Police: E.V. copper thieves target pool pumps - East Valley Tribune: East Valley Local News

Police: E.V. copper thieves target pool pumps


You could be sitting on a copper goldmine of sorts that drug-addled thieves would love to claim. Copper thieves have stolen wire and pipe from places such as street lighting, abandoned homes and construction sites.

Now the Tempe Police Department says the thieves are after pool pumps.

There were 80 pool pumps ripped off Valleywide between April 29 and Dec. 5, police say. The loss is estimated at $74,000.

“This happens to be the newest trend,” said Katie McDevitt, Tempe police spokeswoman.

Stealing copper has become prevalent in recent years as the industrial growth of China sent prices soaring.

The metal was valued at $1.08 per pound on the commodities market in January 2004 and was going for $3.40 in August, although it has now dropped to $1.54 per pound for the highest grade.

Rey Hernandez, manager of Arizona Recycling in Mesa, said scrap copper is going for 75 cents to 85 cents per pound, but it was going for as much as $3.10 per pound in September.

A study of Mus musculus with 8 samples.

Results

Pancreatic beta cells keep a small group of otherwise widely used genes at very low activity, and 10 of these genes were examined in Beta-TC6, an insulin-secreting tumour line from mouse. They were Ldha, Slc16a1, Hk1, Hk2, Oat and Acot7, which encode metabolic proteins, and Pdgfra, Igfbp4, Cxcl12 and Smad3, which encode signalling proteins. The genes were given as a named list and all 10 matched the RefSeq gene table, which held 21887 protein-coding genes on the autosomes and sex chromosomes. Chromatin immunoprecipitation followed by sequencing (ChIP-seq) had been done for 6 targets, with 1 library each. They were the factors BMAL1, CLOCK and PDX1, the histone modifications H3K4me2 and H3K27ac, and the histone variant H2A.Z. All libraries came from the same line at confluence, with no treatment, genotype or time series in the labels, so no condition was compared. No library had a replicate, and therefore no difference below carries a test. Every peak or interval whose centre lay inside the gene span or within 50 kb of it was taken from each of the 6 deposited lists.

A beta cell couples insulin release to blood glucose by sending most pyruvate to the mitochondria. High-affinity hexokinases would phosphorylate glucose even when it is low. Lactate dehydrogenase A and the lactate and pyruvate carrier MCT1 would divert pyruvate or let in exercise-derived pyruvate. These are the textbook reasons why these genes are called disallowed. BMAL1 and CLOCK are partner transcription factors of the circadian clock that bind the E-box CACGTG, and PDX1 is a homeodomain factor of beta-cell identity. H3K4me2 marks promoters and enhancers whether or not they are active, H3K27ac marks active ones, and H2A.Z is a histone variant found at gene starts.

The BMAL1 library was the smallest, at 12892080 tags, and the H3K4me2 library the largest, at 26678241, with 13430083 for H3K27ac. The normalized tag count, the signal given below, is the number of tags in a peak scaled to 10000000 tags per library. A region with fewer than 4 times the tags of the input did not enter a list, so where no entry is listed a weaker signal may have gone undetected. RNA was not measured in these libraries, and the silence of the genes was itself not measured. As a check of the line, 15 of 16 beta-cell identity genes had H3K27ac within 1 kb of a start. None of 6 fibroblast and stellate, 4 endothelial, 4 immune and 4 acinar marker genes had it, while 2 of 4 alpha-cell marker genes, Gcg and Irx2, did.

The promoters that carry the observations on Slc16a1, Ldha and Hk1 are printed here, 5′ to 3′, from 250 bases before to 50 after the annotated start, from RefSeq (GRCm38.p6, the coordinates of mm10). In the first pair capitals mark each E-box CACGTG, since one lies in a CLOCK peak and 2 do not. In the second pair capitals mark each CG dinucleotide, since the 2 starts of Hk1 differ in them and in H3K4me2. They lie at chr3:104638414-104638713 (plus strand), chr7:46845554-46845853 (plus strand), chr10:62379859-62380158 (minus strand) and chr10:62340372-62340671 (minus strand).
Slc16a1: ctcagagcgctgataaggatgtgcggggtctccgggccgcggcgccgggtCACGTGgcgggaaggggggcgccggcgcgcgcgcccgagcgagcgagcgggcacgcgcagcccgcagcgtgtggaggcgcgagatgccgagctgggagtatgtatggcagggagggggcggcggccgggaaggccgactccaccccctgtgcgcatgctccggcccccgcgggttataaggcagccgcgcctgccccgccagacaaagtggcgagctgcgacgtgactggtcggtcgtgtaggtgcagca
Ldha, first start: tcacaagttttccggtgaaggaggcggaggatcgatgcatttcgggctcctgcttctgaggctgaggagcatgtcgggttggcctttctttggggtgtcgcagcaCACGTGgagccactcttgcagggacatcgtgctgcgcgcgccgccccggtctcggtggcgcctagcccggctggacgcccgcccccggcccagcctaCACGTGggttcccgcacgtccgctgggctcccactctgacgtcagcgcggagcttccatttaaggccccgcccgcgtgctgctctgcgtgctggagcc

And while copper theft has become commonplace, the thieves have become even more creative.

There have been trends that saw catalytic converters stolen from cars and metal flower vases taken from cemeteries to cash in.

Detective Steve Berry, Mesa police spokesman, said most copper theft is tied to drug addiction.

“They’re stealing the copper, obviously, to trade for money so they can purchase drugs,” Berry said.

John Neely, senior marketing and creative manager for Shasta Pools, said in an e-mail that pool pumps typically weigh about 50 pounds and are easily removed from back yards.

“You can take one out of a yard in about 2 minutes,” Neely said.

The average cost to replace a pump is $800, but that cost might be higher to replace a stolen one because re-plumbing or wiring might be required, Neely said.

McDevitt said it is hard to say when the thieves typically strike other than when no one is home.

People discover the missing pumps when they return from work or from being out.

The thieves also tend to enter through unlocked gates, police said.